As a judoka continues on their judo journey, they progress through the grades as they develop in skill and knowledge. The grades are depicted by coloured belts.
The Sho Awards are British Judo’s grading awards which focus on developing fundamental movement skills for 5 to 7 year olds and comprise of 9 separate awards which are designed to help coaches reward young players while they develop fundamental physical, technical, social and psychological skills. Once a player has turned 8 years of age they move onto the Mon grading scheme
Mon Grade system
The Mon Grade system is a distinctive feature of judo with promotion to different coloured belts based on technical ability, knowledge and understanding as well as supplementary knowledge of Japanese terminology. Although there is no contest requirement in the Mon Grade system there is a progressively structured randori element at the higher grades. The Mon Grade system is aimed at 8 to 17 year olds and follows on from the Sho Awards. Gradings are usually carried out at the club the judoka is based at by a British Judo licensed Coach.
There are 18 different grades contained within the Mon system, with each grade requiring a different coloured belt and/or belt tag(s).
Judoka that reach the age of 14 have the option to transfer to the Kyu Grade system. All Mon Grades that reach the age of 18 must transfer to the Kyu Grade system.
Kyu Grade system
The Kyu Grade system is aimed at judoka 14 years and older as well as those who are between 14 and 17 years of age who already hold a Mon Grade and are converting to the next grading scheme. Judoka who are over the age of 18 will automatically start on the Kyu Grade system. The grade progression is based upon technical ability, knowledge and understanding as well as supplementary knowledge of Japanese terminology. Judoka follow a progressive study of techniques detailed in the Kyu Grade syllabus and attempt promotion to the next grade at regular intervals.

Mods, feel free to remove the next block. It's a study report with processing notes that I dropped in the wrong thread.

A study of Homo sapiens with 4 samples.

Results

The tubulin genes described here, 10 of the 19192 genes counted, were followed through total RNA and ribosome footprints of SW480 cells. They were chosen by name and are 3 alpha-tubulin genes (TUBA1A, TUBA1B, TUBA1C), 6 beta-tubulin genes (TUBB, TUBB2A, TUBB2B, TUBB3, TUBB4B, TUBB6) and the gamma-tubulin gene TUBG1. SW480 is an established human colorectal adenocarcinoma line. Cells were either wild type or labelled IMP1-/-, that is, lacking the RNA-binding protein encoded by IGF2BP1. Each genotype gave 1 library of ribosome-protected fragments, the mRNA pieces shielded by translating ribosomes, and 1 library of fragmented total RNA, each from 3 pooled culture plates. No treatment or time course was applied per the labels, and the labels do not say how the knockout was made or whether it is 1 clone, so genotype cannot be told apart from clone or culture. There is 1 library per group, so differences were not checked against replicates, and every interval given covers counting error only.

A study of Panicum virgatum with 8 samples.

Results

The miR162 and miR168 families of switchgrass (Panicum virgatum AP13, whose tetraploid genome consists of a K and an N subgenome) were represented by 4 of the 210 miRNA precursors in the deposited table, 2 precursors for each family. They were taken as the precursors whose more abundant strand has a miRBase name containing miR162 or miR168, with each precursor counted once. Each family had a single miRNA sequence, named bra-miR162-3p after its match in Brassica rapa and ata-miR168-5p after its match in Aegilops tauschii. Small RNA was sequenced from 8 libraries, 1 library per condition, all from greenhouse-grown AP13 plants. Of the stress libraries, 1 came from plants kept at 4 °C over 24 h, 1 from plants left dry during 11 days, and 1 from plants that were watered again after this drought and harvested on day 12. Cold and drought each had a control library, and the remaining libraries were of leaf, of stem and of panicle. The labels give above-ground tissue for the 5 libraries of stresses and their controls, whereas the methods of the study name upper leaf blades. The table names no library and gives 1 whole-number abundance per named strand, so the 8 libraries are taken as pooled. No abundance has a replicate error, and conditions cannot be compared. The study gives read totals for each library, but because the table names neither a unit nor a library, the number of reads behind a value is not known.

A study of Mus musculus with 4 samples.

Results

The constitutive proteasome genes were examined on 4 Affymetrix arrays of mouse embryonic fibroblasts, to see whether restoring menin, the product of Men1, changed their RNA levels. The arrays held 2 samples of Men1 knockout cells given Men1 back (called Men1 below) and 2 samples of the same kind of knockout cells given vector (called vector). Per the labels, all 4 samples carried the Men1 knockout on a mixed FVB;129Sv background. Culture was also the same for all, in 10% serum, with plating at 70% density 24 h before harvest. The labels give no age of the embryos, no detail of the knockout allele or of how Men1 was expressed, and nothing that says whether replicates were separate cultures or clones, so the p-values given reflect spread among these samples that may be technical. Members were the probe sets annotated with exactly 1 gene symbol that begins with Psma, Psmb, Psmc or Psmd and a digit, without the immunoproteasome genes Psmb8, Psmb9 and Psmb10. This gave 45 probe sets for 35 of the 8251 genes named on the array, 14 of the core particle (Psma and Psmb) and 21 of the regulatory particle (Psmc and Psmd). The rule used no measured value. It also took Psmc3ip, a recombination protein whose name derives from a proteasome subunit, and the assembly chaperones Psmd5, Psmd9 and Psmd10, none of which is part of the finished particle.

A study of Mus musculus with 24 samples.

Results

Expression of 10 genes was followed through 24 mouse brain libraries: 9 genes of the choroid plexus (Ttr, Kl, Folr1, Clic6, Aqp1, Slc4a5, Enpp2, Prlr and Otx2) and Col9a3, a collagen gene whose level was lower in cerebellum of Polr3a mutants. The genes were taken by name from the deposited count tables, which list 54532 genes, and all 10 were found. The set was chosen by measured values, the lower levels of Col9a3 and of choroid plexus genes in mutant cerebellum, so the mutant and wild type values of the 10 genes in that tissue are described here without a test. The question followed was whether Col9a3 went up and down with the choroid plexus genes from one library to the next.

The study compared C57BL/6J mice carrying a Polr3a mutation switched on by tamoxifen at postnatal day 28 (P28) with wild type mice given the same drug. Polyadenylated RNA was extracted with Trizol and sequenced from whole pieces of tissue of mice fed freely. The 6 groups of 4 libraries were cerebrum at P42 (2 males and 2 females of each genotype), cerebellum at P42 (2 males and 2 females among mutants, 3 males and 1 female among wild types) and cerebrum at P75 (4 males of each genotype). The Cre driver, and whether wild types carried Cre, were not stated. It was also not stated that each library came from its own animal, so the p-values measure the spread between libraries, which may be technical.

During a grading judoka are required to know the common English names and meaning of all Japanese terminology used for the grade they are being graded for. They are also required to practically demonstrate techniques required for that grading. Where appropriate they must also be able to discuss their reasons for their choice of technique, grip etc.
As judoka progress through the Kyu Grade system the practical situation and examination process in which they demonstrate the required techniques becomes more stringent and greater in depth. Gradings up to and including 4th Kyu are completed within the judoka’s own club by a British Judo licensed Coach. For judoka being graded to 3rd Kyu or higher, they have the option to be graded at their club or at an inter-club event, area promotion examination or at a Technical Training course.
There are 6 different grades contained within the Kyu system, which each grade requiring a different coloured belt.
Judoka that have completed the Kyu Grade system are able to study and train for the coveted black belt available in the British Judo’s Dan Grade system
Dan Grade system
Obtaining a Dan Grade is one of the highest qualifications available to individuals involved in the sport of judo. The Dan Grade system is aimed judoka who are 15 years of age and older who have moved on from completing the Kyu Grade system. Judoka test their ability, by entering for an examination within the Dan Grade system. For that examination players are required to demonstrate superiority over a cross-section of other players competing at the same level. This ensures that successive Dan Grades up to 5th Dan are populated by increasingly skilful players. For grades higher than 5th Dan judoka wishing to move up a grade must apply to British Judo. A decision is then made on their application by the British Judo Board of Directors. The Dan Grade Register lists all current Dan Grade members and Life Members of the British Judo Association.
There are 10 different grades contained within the Dan Grade system, which are represented by 3 different coloured belts.